Pakistani experts say that President Obama's remark that former al Qaeda leader bin Laden would have escaped if the US had sought Pakistan's permission is proof that the US does not trust Islamabad on terrorism issues.
Pakistani political analysts believe that US President Barack Obama indirectly suggested during the presidential debate that the Pakistani authorities were aware of Osama bin Laden's presence in their country.
In Monday's foreign policy debate against Republican presidential candidate Mitt Romney, Obama said that had his administration sought Islamabad's permission to go after bin Laden, he would not have got al Qaeda's former head.
In May 2011, American Special Forces unilaterally raided a compound in the Pakistani city of Abbottabad and killed bin Laden, who had been hiding in the garrison town for at least six years. Although the Pakistani government hailed the assassination of bin Laden, it expressed its displeasure over the violation of its territorial sovereignty by US forces. US-Pakistani ties deteriorated after the incident.
Husain Haqqani, the Pakistani ambassador to the US at the time of bin Laden's killing, also voiced a similar opinion in Washington in August when he said he believed some people in the Pakistani establishment knew of bin Laden's whereabouts.
Lack of trust
Veteran Pakistani journalist Ghazi Salahuddin said the reason why Obama came out so bluntly about Pakistani authorities and their alleged connection with bin Laden was that he had to prove his leadership mettle to US citizens ahead of the presidential election.
"Obama's remarks were proof that the US did not trust Pakistan when it comes to issues of terrorism and Islamist militancy," Salahuddin told DW.
President Obama also said during the debate that the nuclear-armed Pakistan, where the military and its spy agency, the Inter-Services Intelligence (ISI) called the shots, could not be left on its own. He said that an unstable Pakistan would be a big risk for Afghanistan's future.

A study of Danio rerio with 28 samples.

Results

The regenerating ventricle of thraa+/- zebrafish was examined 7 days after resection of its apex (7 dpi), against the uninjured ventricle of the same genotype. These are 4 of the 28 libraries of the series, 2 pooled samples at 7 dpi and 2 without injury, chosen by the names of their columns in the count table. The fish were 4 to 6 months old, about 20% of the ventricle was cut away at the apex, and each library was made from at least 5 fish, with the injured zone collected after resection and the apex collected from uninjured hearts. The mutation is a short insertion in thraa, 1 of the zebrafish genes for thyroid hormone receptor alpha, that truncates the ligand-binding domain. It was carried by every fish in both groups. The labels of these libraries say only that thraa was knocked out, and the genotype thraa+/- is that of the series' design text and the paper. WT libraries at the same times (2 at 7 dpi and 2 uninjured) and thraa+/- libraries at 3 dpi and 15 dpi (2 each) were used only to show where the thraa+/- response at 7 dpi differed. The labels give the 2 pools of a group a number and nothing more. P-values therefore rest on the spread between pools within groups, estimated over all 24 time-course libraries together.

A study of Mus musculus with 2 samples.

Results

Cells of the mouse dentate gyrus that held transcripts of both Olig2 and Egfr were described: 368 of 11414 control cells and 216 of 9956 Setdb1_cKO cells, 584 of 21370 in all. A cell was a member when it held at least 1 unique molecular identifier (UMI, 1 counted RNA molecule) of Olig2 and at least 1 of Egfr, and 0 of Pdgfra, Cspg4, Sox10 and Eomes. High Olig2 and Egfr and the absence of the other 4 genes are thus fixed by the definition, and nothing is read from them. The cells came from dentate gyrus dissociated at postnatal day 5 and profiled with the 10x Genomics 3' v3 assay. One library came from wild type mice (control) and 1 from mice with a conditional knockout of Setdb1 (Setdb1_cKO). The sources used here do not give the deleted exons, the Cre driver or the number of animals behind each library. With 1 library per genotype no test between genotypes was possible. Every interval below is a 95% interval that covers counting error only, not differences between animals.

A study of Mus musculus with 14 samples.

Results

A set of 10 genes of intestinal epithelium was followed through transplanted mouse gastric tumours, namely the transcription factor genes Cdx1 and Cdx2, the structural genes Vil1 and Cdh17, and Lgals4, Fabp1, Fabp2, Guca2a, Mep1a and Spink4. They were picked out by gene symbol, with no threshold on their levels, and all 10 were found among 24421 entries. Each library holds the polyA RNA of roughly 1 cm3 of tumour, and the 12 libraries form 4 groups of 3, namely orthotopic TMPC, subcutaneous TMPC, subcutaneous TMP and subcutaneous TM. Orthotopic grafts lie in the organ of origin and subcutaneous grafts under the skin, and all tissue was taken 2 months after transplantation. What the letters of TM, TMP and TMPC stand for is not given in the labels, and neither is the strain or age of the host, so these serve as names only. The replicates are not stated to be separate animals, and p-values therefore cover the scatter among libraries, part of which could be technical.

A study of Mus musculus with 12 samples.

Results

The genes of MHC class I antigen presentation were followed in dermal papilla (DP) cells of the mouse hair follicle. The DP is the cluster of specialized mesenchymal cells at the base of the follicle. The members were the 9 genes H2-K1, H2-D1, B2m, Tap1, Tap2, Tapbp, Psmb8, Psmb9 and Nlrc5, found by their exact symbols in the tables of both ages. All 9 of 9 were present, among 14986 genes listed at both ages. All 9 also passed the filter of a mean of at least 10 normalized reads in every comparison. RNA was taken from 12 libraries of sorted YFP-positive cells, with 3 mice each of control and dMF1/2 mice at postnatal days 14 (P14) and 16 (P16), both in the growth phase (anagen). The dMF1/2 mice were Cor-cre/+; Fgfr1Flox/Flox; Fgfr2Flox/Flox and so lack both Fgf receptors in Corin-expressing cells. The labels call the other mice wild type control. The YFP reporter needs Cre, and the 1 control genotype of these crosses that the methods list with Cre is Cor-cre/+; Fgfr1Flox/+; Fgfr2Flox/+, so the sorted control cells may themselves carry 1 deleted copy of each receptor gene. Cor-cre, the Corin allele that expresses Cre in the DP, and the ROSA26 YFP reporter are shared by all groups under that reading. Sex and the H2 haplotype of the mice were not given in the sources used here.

"The US still has to deal with Islamabad diplomatically because it knows that instability in Pakistan is synonymous with the disaster in the region," Salahuddin said.
Dr. Naeem Ahmed, an International Relations lecturer at the University of Karachi, told DW that contrary to popular perception in Pakistan, the US and Pakistani establishment did not have an absolute understanding on all security matters. Issues were more complex and complicated than people thought, he added.
"The Pakistani military is not a monolithic entity. It is an organized institution, but the middle ranks of the Pakistani armed forces are unhappy with the way the US attempted to undermine Pakistan's sovereignty by launching a unilateral attack (in Abbottabad) inside Pakistan.
Many other Pakistani analysts also point out that Washington and Islamabad have different interests in Afghanistan and that they disagree on how to deal with Islamist militancy. To prove their point, they give the example of the militant Haqqani network, which US officials believe is backed by the ISI and the Pakistani military. Pakistan denies these claims.
'A client state'
Pakistani political activist Khaliq Junejo is of the opinion that Obama's claim that the US did not involve Islamabad to hunt down bin Laden did not carry weight.
"I agree that it was not possible that bin Laden was hiding in Pakistan without the knowledge of Pakistani authorities but the US must have taken the Pakistani establishment into confidence prior to the raid." Khaliq told DW, adding that the history of the US-Pakistani ties was proof that the two countries shared common interests on issues of strategic and regional significance.
A Pakistani researcher from Balochistan, who spoke with DW on condition of anonymity, said "Pakistan is a US' 'client-state,'" and that the rift claims were "a mere gimmick."
"Pakistan does what it is assigned by the US. Pakistan performs the task and the US reimburses the costs of operations and services. Therefore, to say that Islamabad can rebel against its master is ridiculous," said the researcher, who claimed he had received several death threats for speaking out against Pakistani officials.